Retirement should be a season of life when you’re able to enjoy the financial benefits of all your hard work. However, it is estimated that roughly 67 percent of senior adults in the U.S. are the targets of online identity theft and other scams.
It’s important to understand that cyberattacks are not inevitable—and you can avoid online scams if you implement small but effective financial protection measures for seniors. From securing your assets from a potential scammer to making decisions with your spending habits, here are four actions you can take right now:
1. Know Which Scams to Lookout For
The first step to safeguard your finances is spotting the red flags of a scam in the first place. Once you know the tactics scammers employ, it’s much easier to avoid falling into their trap. Financial protection for seniors begins with awareness and basic knowledge, so here are a few of the most common scams used to prey on senior adults:
- Grandparent Scam: A young adult will contact you and pretend to be your grandchild. This person will act as if they’re in trouble and in desperate need of money to bail them out of an emergency. They will beg you not to inform their parents but instead transfer money to a bank account number immediately.
- Sweetheart Scam: This is a tactic to be aware of if you’re single and use online dating websites. Someone will initiate contact with you on this platform, start a relationship, convince you of their romantic feelings, then extract financial support from you over time. Then, in most cases, they will cut off communication.
- Contest Winner Scam: You will receive either an email or call informing you of a contest that you’ve won. But to collect the prize, you will first need to pay for the taxes, insurance, and bank fees that come with those winnings.
- Charity Scam: A solicitor will contact you and pretend to work for a humanitarian aid organization. They will manipulate your emotions and urge you to donate relief money for the victims of a tragic natural disaster or a human rights atrocity.
- Home Repair Scam: Someone posing as a home improvement contractor will come to your door, then convince you to hire them for maintenance or repairs that you can no longer do yourself. However, in most cases, they will overcharge for this project on the front end, then leave without a trace before the renovation is complete.
2. Ask for Help when Spending
A recurring theme in all these scams is the attempt to elicit an impulsive or emotional response from you. When someone convinces you to make a snap financial decision with your heart—not your head—it’s easier to spend money in the heat of the moment.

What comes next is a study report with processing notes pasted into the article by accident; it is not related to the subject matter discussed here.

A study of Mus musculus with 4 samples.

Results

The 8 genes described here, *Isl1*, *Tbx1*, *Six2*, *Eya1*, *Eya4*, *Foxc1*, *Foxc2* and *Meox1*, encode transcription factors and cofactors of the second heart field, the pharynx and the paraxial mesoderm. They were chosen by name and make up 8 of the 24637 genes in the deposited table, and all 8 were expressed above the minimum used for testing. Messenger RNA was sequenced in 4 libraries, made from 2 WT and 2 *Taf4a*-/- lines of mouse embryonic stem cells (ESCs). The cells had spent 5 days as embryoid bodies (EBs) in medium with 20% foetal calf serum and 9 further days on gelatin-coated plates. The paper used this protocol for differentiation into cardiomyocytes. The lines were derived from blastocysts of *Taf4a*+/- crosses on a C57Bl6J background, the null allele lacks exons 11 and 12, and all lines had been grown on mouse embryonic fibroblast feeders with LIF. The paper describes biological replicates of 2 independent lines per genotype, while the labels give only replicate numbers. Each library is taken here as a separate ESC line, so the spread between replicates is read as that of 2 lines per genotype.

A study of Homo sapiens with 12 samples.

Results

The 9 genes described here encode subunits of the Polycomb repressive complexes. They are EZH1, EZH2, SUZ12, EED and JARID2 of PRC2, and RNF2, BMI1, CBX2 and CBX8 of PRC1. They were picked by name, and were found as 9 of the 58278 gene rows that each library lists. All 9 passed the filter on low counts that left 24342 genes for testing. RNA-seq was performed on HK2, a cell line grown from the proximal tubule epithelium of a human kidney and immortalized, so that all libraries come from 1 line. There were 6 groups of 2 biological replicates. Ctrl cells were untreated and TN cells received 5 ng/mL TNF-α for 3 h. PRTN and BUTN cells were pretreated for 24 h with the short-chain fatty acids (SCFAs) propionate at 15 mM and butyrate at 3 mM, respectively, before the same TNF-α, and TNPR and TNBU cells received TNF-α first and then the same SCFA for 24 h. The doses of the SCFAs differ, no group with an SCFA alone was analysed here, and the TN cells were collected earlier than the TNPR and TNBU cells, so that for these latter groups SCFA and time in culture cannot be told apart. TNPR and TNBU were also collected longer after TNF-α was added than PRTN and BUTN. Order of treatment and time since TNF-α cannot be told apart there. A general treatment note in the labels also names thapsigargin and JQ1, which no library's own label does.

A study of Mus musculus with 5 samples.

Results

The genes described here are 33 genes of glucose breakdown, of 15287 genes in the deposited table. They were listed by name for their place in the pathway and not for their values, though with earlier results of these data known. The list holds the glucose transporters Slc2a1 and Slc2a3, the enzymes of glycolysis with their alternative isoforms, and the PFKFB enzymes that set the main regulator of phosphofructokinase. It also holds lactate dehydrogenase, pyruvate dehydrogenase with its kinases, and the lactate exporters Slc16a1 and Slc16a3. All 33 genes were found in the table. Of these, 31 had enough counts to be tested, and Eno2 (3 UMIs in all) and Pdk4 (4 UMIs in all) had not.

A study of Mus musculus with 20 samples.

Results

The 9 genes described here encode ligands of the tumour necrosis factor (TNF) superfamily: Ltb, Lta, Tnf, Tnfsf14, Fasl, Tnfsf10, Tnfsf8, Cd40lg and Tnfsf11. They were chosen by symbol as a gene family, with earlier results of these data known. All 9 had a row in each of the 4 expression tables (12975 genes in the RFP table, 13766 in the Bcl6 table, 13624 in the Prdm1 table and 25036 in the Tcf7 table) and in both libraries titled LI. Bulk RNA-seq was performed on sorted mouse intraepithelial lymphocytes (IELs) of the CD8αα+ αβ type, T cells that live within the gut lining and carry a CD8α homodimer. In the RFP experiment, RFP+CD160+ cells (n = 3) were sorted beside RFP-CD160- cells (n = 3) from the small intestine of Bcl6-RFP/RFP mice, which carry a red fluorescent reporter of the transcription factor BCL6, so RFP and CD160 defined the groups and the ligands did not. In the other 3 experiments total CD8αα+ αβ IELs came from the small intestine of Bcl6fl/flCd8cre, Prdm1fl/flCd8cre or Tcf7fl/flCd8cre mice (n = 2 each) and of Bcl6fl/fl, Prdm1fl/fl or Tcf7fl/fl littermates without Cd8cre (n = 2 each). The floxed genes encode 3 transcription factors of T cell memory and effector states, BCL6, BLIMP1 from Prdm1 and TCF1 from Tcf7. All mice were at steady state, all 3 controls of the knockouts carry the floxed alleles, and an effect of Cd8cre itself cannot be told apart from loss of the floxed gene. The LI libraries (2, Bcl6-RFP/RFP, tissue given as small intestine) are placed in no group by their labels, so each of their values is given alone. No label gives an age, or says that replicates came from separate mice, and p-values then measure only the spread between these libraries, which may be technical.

There’s no shame in realizing you need a second opinion on these decisions from someone you trust. In these situations, ask a close relative, friend, or caregiver to offer you their unbiased perspective before finalizing a suspicious transaction.
It’s always helpful to bring in an outside person who cares about your welfare and can be objective on financial matters. There is absolutely no reason to feel embarrassed about this either—everyone needs extra guidance sometimes, regardless of their age.
3. Hire a Financial Advisor or Licensed Fiduciary
Consider hiring a professional expert who focuses on financial protection for seniors and is legally bound to act in your best interest. A licensed fiduciary’s job is to keep your assets and investments secure, while performing other crucial money management tasks for you, too.
A licensed fiduciary will monitor your spending for unusual or fraudulent activity, from handling your bills and expenses to overseeing your estate or securing your bank account information. This will decrease your chances of falling victim to any potential online scams or cases of identity theft.
You can also hire a financial advisor to support your investment portfolio and wealth management. You’ll need to vet the financial advisor before choosing to work with them (another common scam is pretending to be a financial advisor). Be sure that whoever you hire is certified by an official regulatory board.
4. Purchase Identity Theft Insurance Protection
If you are the victim of identity theft, plan with your insurance company to resolve the issue and reimburse any financial damage. Identity theft insurance will also safeguard your details online, so it’s harder for cybercriminals to track down. This is a secure, effective way to protect bank account information, social security or tax ID numbers, credit scores, and other sensitive data. Here are a few more tips to protect yourself from identity theft:
- Shred all non-electronic bank statements, tax forms, and other documents after use
- Use two-step passwords to secure login information on your accounts
- Use a passcode to unlock your computer or mobile devices if you lose them
- Contact your bank or credit card provider right away if a suspicious or unauthorized transaction is posted on your online statement, then freeze the card immediately
- Report a suspected case of stolen identity in the U.S. Federal Trade Commission’s website IdentityTheft.gov
Lower Your Risk of a Scam with Financial Protection for Seniors.
While you can’t guarantee a scam won’t cross your path, you can learn to spot the red flags and lower your own risk with planning. Financial protection for seniors is all about peace of mind—and it’s an investment worth making.